Scottish government faces questions over planned APD cut

Scottish government faces questions over planned APD cut

The Scottish finance secretary has been told to show MSPs there is independent economic evidence to back a proposed cut to aviation taxes.

The government in Scotland takes control of Air Passenger Duty from 2018, with plans to to cut it by half and eventually abolish the tax.

The government wants to pass laws enabling changes before setting out the detail of proposed rates and bands.

But convener Bruce Crawford told finance secretary Derek Mackay that the finance committee’s report would call for more evidence.

He said there was a “growing consensus” about this, amid “wide-ranging criticism” of the lack of evidence available on the environmental and economic impact of cutting the tax.

The Air Departures Tax (Scotland) Bill under consideration is “enabling legislation” to set up the devolved tax, a replacement for APD, but does not go into detail about rates.

When the bill was introduced, the government said it would allow it to “progress plans for a 50% reduction in air tax by the end of the current parliament, with the levy to be abolished “when finances allow”.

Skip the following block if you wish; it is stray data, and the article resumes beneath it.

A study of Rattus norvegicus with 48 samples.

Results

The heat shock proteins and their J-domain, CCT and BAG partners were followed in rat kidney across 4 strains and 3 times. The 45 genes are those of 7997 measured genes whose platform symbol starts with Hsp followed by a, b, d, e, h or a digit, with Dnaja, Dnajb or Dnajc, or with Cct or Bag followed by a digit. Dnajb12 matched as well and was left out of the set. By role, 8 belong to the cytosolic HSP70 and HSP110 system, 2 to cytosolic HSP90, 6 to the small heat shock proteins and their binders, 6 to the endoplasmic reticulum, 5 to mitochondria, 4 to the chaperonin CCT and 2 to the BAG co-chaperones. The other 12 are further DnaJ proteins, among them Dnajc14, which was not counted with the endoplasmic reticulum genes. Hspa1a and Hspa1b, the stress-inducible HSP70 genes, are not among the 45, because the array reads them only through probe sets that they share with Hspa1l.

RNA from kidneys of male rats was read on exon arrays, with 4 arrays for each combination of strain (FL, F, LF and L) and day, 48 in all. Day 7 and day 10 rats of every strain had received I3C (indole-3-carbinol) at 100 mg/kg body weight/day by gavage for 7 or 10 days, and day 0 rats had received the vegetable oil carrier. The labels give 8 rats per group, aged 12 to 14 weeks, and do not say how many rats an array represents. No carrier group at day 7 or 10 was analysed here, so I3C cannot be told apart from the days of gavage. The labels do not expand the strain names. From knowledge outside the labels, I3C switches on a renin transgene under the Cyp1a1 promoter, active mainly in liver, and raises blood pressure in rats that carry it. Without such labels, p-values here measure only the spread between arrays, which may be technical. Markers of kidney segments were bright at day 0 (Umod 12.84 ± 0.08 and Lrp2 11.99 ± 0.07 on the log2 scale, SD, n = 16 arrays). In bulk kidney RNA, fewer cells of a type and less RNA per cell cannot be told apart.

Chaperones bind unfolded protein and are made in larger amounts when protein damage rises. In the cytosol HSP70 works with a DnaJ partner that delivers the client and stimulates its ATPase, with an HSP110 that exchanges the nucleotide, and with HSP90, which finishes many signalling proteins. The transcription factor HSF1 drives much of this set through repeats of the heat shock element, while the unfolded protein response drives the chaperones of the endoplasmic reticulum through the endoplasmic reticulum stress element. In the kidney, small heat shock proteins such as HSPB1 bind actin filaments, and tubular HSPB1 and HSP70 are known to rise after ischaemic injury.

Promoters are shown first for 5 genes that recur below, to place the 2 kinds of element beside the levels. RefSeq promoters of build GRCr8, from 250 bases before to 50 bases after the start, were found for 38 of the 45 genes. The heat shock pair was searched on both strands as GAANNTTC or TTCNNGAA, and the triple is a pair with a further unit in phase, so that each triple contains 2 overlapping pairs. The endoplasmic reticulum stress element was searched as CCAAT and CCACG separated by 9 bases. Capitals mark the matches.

Opposition parties and tax experts have raised concerns about this, with the Chartered Institute of Taxation saying it was important for the government to publish “as much detail and possible” to allow “robust and effective scrutiny and greater clarity around what these reforms can deliver”.

During a finance committee meeting examining the legislation, SNP MSP Crawford told Mackay that the group’s report would recommend an independent economic assessment, he BBC reported.

He urged the finance secretary not to wait for the report, but to “assume that’s going to be in it so we can begin to answer some of these questions”.

Scottish Green co-convener Patrick Harvie questioned Mackay about what evidence the government currently had about the economic and environmental impact of cutting the tax.

Conservative MSP Murdo Fraser described the current evidence available as “poor”, while Labour’s James Kelly said it was important the government brought forward “robust research”.

Mackay said there was still work to be done around “the specifics of the policy”.

Addressing environmental arguments, he said: “This stage is the enabling legislation to allow us to collect the tax.

“More detail comes from the tax rates and bands, and from that, more information around what the impact of that would be would require a strategic and environmental assessment.

“Looking at the government’s ambitious environmental policies, it’s recognised that we will have to work harder in other areas, to recognise that such a policy could lead to an increase in emissions.”

Focusing on economic criticisms, Mackay said: “Our officials have certainly looked at all the reports and considered them.

“We haven’t commissioned to the best of my knowledge any independent research of our own. If committee wishes me to look at that, I will certainly consider that absolutely.”